Grabbing Richard Gere in Goa

I have come to Goa after a long time. The last time I was here was for the correct reasons, i.e. food, drink and low-cost housing. This time I’m here to talk to a group of people in an obviously futile attempt to get them motivated to earn more revenue for their company, and if this was to be achieved they would each get a pat on the back and another two-day excursion to Goa, next year, at the same time and in the same hotel.

On this visit, I’ve noticed a few changes. Firstly, the city has been moved. It’s now about an extra 25 more kilometres away from the airport than it earlier was. In fact, the exact location of the Goa airport remains a big mystery. Some say it’s in Gujarat, some say it’s in Karnataka. There are even unsubstantiated reports that it is now part of the People’s Republic of China. Please note the People’s Republic of China is far different from China. The former is a cowboy and the latter is just some overrated crockery. Secondly, the number of Russians per square kilometre has risen from around four to 17-and-a-half. But the biggest and most noticeable change is how Goan food has been stripped of all hotel menus. No Goan food is to be seen anywhere. If you desperately want Goan food, locals suggest you try Gujarat, Karnataka or the People’s Republic of China. Anywhere but in Goa itself.
Now, let me come to my story. After recovering from all these cultural changes I made my way to the hotel room assigned to me. One thing that doesn’t change in India, be it Goa or anywhere in the country, is the personal service. Each guest is escorted to his or her room by no less than 19 members of the hotel staff. Thanking each of them for their generosity of spirit normally takes more than half your visit. But then I’ve never understood why we need so much assistance to open our room door. Seems to me if you’ve found your way to the airport, boarded the plane reached the next airport and subsequently the hotel, all on your own, you should be able to manage a small matter of finding the hotel room by yourself.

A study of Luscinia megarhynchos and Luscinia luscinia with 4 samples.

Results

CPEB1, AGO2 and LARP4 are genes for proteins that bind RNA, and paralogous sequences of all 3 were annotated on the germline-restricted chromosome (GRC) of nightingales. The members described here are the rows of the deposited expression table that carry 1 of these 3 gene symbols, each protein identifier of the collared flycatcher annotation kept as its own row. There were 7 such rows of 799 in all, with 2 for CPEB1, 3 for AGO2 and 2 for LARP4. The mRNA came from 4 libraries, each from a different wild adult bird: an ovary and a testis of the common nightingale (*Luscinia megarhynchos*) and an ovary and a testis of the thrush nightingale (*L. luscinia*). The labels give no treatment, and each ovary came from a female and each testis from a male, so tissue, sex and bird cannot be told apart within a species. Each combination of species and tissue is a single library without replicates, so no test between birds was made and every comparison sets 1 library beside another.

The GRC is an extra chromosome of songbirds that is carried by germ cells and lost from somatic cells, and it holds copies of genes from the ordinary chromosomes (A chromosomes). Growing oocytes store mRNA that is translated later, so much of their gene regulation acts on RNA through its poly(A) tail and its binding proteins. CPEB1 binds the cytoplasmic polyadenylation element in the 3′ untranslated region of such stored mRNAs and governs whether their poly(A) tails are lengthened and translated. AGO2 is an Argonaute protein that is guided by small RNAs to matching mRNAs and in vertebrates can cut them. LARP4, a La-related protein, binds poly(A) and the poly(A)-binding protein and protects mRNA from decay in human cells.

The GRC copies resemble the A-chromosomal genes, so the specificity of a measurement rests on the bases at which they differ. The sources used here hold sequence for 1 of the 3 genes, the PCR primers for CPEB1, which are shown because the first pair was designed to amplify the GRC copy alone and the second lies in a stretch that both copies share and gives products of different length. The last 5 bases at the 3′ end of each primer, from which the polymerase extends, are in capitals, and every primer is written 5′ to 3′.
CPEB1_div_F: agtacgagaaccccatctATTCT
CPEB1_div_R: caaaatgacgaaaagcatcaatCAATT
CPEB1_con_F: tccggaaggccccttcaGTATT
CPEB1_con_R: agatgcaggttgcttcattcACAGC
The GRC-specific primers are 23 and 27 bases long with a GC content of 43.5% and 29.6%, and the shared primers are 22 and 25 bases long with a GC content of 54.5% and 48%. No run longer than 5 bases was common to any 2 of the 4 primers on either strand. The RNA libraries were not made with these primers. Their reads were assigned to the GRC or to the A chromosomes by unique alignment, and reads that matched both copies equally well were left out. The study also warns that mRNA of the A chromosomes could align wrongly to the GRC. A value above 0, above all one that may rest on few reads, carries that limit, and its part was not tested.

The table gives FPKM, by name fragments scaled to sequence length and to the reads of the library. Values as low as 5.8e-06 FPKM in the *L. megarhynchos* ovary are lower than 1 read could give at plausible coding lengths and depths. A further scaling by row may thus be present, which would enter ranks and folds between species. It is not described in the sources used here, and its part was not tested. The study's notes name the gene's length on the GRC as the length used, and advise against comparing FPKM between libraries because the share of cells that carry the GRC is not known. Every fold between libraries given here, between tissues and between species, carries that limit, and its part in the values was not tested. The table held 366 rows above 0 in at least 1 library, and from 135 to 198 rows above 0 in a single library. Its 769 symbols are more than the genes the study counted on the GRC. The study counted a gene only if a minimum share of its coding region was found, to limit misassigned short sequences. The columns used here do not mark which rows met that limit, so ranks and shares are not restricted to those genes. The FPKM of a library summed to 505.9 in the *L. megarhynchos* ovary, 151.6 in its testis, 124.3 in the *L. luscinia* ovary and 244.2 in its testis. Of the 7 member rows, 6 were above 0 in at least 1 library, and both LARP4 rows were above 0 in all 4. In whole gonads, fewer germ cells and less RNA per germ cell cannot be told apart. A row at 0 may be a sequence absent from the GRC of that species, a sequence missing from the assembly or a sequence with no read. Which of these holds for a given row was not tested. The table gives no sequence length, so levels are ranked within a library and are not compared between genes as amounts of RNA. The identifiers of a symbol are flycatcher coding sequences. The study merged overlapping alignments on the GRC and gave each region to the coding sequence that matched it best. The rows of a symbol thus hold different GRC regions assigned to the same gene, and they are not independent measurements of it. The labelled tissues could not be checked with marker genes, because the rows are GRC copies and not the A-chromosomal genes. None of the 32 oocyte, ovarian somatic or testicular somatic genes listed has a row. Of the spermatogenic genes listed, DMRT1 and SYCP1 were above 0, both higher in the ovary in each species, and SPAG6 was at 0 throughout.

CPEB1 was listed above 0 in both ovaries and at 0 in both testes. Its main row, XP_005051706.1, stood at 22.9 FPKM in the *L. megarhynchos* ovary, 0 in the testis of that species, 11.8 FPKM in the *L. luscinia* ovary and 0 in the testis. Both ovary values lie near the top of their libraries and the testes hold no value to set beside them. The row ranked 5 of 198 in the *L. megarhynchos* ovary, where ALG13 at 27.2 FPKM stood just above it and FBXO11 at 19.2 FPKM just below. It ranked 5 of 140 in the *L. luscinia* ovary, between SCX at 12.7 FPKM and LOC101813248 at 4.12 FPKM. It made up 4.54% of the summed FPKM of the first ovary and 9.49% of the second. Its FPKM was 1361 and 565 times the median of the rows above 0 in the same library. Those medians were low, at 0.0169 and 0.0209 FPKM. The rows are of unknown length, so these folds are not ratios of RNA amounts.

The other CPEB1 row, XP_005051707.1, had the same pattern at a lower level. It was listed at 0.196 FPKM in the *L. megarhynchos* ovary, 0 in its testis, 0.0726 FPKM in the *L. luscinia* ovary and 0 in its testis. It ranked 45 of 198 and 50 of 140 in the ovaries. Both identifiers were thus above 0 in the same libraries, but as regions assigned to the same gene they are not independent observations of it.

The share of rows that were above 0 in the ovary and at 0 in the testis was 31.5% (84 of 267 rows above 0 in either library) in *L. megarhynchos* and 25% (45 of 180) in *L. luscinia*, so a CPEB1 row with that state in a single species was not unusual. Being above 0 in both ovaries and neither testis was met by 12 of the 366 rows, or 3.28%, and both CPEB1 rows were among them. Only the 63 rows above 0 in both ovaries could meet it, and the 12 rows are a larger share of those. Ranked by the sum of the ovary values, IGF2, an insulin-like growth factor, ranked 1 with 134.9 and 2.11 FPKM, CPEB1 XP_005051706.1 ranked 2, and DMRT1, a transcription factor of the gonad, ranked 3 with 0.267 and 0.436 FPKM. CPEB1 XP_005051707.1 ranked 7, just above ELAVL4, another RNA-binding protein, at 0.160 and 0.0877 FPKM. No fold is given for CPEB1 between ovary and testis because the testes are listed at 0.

Anyway, after all my room guests had left I decided to go to the pool for a stretch and a swim or more likely a lie-down as a swim may involve actually getting more wet. In any case, just like the airports, the sea surrounding Goa has also been moved further back, so the pool is now quite obviously the only option for all visitors. After the customary 15 minutes spent shoving my 91-kilo frame into a tiny bikini bottom (a conduct banned by over 78 countries), I found myself sitting near the pool on a big white deck chair. You know those chairs, the type that once you sink into, you need a minimum of three hours to get out of. As I happily sank like the Titanic, I noticed a middle-aged Caucasian male step gingerly into the pool. I couldn’t quite tell if he slipped in or stepped in. Just as I was enjoying my sinking feeling, I heard gasping, gargling sounds. At first I thought it was a Carnatic vocal concert going on in the nearby poolside café, but this sound was both far more pleasant and more sinister.
Something told me the Caucasian male was in trouble. With great regret I jumped out of the sinky chair. It was time to show that the bronze medal I won for 50 metres breaststroke in the Calcutta nationals of 1981 was no fluke. I dived in with the grace of Nadia Komenachi and made straight for the foreign gent. As I grabbled him from behind, hands around the hips, I could see this act clearly infuriated him. Worse still, I could see he wasn’t drowning but simply standing in the water with his head down, breathing bubbles in a terrible obscene fashion. I tried to apologise, but how do you come back from grabbing a middle-aged male roughly around the hips while he was clearly in no danger to minding your own business. But, worse was still to follow.
As I got a close look at my distraught and violated friend, I couldn’t help noticing how closely he resembled Richard Gere, the actor. There was, of course, a suitable explanation for this as I was to find out later, and that was that it was actually Richard Gere. I’ll end my story here. Gere is no longer in Goa, but I still am. Gere didn’t press charges, so I’m not forced into wearing a uniform. But clearly for both Gere and me Goa has changed.